How to Run a Successful Meeting
On top of managing your daily responsibilities, meetings are a necessary evil in everyday corporate life. I’ve never come across an employee that says “meetings” are their favorite part of the job. But in my opinion, bad meeting management, not the meeting itself, is the reason why employees don’t like meetings. Meeting facilitators must ensure that the meeting goes smoothly, is adequately interactive and the key objectives of the meeting are clear to all the relevant attendees. When these added responsibilities have not been managed adequately, the meeting is ineffective. The following are key points in facilitating a successful meeting:
#1: Define the Agenda
A well laid out plan and relevant key topics go a long way in deciding the fate of a successful meeting. The agenda defines discussion points, the target audience and the duration of the meeting. A well-formatted agenda, in short, crisp bullets, circulated at least a day or two in advance gives the attendees enough time to come to the meeting prepared. In the long run, it increases the effectiveness and directly affects the outcome of the meeting.
#2: Invite Appropriate Attendees
Once you create the meeting agenda, next you decide on who should be there. The secret to chair a successful meeting is to invite the right people to attend. One question or comment can be powerful enough to derail the entire momentum of the meeting. Therefore, you must be careful in choosing who to invite. The ground rule is only choosing folks who are relevant and have prior knowledge pertaining to the meeting agenda. There must also be an authoritative presence in the meeting who can aggregate the thoughts and perspectives and help to build up a logical decision-making process.
#3: Time Management
Another key aspect of conducting a successful meeting is time management. When running a meeting, you must be diligent in sticking to the starting and ending times as defined on the agenda. Not only that, but the chair should be equally careful about the duration of each topic and meeting as a whole. Typically the duration of a meeting should justify the purpose of it being held in the first place. For example, a daily status update should never exceed more than 15 minutes for a team of 10 while an Annual Budget Meeting can go up to 8 hours. The key is to make sure each second is necessary.
Another trick for success in conducting meetings is a well-designed presentation. An innovative presentation with objective data and informative visuals such as graphs and charts goes a long way. Preparing an informative presentation is not to cramp it with too much data. The art lies in giving as much data as relevant in the right places. I advise presenting short crisp points supported by relevant facts, figures, and sketches. Voila! You have the perfect recipe for an engaging discussion.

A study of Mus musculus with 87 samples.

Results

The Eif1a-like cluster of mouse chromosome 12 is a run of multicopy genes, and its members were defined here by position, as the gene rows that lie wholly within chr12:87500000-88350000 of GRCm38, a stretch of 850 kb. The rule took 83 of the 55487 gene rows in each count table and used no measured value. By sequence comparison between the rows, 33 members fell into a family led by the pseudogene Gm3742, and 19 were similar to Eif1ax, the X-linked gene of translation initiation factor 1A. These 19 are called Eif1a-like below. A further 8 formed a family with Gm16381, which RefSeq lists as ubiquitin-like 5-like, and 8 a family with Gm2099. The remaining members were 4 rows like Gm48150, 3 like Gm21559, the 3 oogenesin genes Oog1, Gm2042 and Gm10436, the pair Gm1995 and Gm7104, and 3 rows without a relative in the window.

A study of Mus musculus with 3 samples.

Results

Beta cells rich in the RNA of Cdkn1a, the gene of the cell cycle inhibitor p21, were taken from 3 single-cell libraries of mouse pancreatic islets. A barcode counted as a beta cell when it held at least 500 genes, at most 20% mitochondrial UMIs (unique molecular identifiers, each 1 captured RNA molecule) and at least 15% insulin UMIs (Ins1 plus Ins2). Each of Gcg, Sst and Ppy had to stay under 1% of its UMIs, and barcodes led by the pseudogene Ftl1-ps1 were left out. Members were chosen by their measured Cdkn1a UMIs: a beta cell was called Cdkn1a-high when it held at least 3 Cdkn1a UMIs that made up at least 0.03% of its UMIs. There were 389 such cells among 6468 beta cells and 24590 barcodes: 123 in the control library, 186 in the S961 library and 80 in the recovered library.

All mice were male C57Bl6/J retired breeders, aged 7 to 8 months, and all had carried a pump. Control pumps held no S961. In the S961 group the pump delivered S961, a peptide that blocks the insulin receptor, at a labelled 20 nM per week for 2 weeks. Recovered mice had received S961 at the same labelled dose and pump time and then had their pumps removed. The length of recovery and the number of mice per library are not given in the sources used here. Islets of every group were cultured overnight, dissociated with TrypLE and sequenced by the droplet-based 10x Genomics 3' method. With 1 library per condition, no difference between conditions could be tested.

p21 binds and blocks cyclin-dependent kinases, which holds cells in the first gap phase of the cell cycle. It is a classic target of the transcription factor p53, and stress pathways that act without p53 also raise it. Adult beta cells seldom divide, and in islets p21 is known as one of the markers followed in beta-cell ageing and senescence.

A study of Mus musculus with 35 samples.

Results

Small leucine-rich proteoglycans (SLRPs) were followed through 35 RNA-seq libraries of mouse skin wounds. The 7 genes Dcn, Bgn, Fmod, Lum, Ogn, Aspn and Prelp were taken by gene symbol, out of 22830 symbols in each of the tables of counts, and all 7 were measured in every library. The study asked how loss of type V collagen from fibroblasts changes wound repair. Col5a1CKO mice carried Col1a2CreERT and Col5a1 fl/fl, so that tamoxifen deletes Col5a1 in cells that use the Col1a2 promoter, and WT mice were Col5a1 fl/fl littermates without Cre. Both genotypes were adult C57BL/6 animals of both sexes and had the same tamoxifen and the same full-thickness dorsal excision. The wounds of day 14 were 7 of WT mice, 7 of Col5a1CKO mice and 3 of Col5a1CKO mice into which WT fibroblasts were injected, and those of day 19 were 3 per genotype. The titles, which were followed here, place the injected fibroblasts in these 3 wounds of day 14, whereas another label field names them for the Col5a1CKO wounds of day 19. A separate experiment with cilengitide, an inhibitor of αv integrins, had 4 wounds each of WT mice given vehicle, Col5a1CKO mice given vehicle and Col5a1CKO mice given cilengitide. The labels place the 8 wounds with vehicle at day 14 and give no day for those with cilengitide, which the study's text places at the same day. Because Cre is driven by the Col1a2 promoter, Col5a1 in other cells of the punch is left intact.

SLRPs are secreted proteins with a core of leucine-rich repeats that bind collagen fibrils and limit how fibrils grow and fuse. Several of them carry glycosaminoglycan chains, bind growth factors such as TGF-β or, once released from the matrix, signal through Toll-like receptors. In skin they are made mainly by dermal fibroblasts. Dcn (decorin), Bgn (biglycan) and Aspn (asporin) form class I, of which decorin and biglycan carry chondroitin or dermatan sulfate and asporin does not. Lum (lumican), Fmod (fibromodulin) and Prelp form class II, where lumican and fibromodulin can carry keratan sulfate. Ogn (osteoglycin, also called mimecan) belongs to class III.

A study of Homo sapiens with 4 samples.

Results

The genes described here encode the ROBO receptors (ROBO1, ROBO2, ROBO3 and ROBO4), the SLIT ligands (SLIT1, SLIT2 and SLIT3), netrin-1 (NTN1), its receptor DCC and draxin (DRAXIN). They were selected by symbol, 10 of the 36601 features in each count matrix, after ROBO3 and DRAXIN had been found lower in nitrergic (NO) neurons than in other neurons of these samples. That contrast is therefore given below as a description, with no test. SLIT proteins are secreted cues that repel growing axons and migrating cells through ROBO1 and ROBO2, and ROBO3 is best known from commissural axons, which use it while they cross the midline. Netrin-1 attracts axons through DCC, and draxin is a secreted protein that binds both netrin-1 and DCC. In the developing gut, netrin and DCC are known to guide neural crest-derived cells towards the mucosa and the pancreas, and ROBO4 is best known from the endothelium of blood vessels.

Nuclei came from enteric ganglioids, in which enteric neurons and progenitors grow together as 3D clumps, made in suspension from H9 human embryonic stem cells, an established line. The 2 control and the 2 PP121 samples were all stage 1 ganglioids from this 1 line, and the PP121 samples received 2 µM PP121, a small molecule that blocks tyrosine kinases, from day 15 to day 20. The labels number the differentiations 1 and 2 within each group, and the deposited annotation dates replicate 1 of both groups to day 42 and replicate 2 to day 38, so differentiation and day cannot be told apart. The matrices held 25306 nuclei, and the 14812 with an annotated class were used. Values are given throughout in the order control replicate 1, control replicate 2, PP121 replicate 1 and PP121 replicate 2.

#5: Be Interactive
Being interactive is another great way to run a successful meeting. Nobody wants to sit and listen to one person speak for the entire meeting. Try to make the attendees active participants in the discussion by asking for their insights and experiences to achieve the desired goal. Ensure that there is ample time to answer any questions that may arise. Park the questions until the end, think about potential answers and ensure that the participants remain engaged.
#6: Take Notes
Take notes during every meeting. Practice by taking notes during meetings you attend and come up with your own way of marking important points, relating them to the various points of contention, and identifying gray areas and prepare to pose a question during the Q&A session. Taking notes not only helps to refer back the areas of discussion but also goes a long way in effective decision-making. It helps you weigh every consideration before being able to finally come to an objective decision. When facilitating your own meeting, assign someone in the group to take notes and to send them to the group.
#7: Follow Ups
Circulation of the notes or minutes of a meeting to everyone that attended and effective follow-ups is imperative. A perfect meeting loses almost all its effectiveness if the key takeaways and action steps are not circulated to all of the participants to follow through on them. A good practice would be to send out an email containing the meeting notes to all relevant attendees on the day of the meeting and create task requests on your task management tool for those responsible for bringing any open-ended topics to closure.
As an industry professional, I strongly believe in these practices. A little bit of planning and prepared, intentional delivery will help you in facilitating successful meetings at your workplace.